Hot on the trail of the Beatles, The Wonders are a home-grown American band who are signed up to rival the British legends - they're the perfect tonic for the youth of the US of A. However, their position begins to crumble as their musical and life-style differences begin to become apparent.
Tom Hanks' writer-director debut is a bright and breezy slice of aspirational Americana, a bittersweet comic fable that may not be incredibly original in its subject matter - a group of small town musicians hit the pop big time only to implode at the height of their success - but more than compensates with charm, personality and infectious exuberance.
It's 1964 and America is gripped by Beatlemania. Homegrown musical salvation arrives in the form of The Wonders, a four-piece from Erie, Pennsylvania, whose snappy tune That Thing You Do! is the perfect tonic for US youngsters. Signed up by Play-Tone Records' Mr. White (Hanks), who fits them out in snazzy suits and, in the case of drummer Guy (Scott), sunglasses, The Wonders are a hot commodity. Pretty soon they have a top ten hit, a spot on a nationwide tour and a part in a Hollywood movie. But it's only a matter of time before the inevitable conflicts arise and conspire to split up the group: singer-songwriter Jimmy (Schaech) aspires to be a serious artist; the bass player (Ethan Embry) is waiting to join the marines; and Guy is actually more of a jazz man. Caught up in the moment, The Wonders fail to recognise the precarious nature of their position, but Hanks never allows the underlying cynicism of the material to detract from the entertainment.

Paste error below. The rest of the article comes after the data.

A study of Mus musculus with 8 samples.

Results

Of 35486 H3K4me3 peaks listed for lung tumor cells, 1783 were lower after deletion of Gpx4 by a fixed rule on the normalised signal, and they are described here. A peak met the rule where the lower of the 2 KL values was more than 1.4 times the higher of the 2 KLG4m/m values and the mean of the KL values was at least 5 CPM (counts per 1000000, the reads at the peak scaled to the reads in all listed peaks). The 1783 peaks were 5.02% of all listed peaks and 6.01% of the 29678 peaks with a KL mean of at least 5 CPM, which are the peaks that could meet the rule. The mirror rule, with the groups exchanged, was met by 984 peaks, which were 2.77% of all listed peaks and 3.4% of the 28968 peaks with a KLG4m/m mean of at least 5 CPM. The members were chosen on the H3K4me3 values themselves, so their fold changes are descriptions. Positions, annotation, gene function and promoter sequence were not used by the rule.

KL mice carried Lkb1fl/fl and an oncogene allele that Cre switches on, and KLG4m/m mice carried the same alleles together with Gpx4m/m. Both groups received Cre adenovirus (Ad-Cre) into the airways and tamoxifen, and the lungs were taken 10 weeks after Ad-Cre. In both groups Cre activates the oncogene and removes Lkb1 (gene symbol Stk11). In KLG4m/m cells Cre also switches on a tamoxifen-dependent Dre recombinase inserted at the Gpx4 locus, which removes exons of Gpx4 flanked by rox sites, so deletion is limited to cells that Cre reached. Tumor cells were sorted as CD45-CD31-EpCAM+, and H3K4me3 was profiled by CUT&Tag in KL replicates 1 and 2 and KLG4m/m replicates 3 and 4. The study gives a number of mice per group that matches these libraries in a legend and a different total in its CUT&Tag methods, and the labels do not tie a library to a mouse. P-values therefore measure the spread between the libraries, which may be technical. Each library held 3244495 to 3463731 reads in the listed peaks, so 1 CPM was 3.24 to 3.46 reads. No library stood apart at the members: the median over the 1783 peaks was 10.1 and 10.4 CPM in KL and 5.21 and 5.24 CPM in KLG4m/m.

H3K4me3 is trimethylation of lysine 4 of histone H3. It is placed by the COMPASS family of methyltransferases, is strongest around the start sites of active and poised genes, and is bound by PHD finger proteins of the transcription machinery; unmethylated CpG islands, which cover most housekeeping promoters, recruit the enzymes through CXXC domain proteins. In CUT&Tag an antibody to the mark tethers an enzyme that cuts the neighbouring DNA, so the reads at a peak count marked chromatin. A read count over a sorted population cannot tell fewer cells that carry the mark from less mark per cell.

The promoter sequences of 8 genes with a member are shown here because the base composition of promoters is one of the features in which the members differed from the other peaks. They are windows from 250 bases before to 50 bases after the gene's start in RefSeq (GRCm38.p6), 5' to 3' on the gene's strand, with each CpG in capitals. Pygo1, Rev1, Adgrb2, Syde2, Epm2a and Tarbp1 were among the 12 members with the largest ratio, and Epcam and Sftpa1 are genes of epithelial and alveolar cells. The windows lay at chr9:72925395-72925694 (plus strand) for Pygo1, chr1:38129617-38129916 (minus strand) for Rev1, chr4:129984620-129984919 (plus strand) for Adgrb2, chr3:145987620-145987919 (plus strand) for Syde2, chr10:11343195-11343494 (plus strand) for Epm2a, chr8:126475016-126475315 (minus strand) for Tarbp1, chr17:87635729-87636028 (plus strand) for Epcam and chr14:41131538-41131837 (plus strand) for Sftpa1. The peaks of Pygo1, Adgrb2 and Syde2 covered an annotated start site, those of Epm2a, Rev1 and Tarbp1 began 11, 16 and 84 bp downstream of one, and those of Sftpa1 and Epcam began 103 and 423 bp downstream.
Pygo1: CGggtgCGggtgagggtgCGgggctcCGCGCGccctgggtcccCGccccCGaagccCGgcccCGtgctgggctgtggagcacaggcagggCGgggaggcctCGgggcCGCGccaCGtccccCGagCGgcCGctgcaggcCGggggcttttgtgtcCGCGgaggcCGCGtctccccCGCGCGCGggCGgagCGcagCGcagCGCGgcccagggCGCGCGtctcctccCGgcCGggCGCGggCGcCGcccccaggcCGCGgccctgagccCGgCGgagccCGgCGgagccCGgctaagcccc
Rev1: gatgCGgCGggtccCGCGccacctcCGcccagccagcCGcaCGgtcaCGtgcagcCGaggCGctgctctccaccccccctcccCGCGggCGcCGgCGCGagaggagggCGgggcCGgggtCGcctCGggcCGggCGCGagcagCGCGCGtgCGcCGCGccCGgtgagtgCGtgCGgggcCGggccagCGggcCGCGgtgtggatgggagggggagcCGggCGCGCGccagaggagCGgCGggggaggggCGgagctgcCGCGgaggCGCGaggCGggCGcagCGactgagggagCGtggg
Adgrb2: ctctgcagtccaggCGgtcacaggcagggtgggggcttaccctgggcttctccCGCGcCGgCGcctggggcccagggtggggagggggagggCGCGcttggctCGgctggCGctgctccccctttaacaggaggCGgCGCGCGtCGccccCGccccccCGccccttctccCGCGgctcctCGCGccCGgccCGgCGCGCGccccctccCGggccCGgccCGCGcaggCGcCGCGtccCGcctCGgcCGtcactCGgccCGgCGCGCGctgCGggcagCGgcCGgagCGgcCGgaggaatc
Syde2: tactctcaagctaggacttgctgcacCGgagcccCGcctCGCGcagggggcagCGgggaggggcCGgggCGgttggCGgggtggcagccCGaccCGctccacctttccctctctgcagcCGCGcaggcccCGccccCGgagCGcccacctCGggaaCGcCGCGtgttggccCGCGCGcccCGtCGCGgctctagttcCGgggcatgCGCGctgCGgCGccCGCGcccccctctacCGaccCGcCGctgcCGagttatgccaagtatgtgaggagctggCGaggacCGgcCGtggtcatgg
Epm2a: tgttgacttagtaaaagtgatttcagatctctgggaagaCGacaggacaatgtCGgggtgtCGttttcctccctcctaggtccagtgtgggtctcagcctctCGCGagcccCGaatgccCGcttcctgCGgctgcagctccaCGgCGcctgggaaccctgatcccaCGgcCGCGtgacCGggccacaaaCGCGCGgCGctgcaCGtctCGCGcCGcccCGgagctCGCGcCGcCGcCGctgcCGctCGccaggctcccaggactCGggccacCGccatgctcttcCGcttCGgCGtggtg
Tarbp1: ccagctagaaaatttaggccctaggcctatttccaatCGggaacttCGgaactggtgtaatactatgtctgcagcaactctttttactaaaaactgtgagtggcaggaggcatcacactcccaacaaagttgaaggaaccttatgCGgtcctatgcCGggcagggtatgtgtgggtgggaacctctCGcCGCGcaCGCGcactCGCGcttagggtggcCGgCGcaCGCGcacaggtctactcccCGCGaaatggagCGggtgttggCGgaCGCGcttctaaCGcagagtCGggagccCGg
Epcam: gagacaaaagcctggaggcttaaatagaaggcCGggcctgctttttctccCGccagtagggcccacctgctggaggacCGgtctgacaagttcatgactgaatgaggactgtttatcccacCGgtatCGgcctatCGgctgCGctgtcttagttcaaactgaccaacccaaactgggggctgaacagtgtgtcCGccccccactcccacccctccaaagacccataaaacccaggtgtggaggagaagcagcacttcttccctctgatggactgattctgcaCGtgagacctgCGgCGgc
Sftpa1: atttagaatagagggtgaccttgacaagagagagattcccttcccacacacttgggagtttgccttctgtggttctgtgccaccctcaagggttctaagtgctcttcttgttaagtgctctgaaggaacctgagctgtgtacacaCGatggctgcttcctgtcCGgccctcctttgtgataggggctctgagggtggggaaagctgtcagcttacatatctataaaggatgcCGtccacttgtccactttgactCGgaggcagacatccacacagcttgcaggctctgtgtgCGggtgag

In his young actors, he has assembled a first-rate comic ensemble. Newcomer Scott (a dead ringer for a young Hanks) shows star potential as the scene-stealing goofball Guy who ups the tempo of That Thing You Do! during its first public performance and by doing so turns a slushy ballad into a pop phenomenon. Tyler is a delight as Jimmy's faithful girlfriend Faye, while Hanks, as their slick, cajoling manager, is both caustic and a charmer. And the songs (all originals, many co-penned by the director) are infuriatingly catchy (particularly the title ditty). In short, this is a lightweight but utterly loveable affair which proves Hanks is as assured behind the camera as in front of it.
This is a lightweight but utterly loveable affair which proves Hanks is as assured behind the camera as in front of it.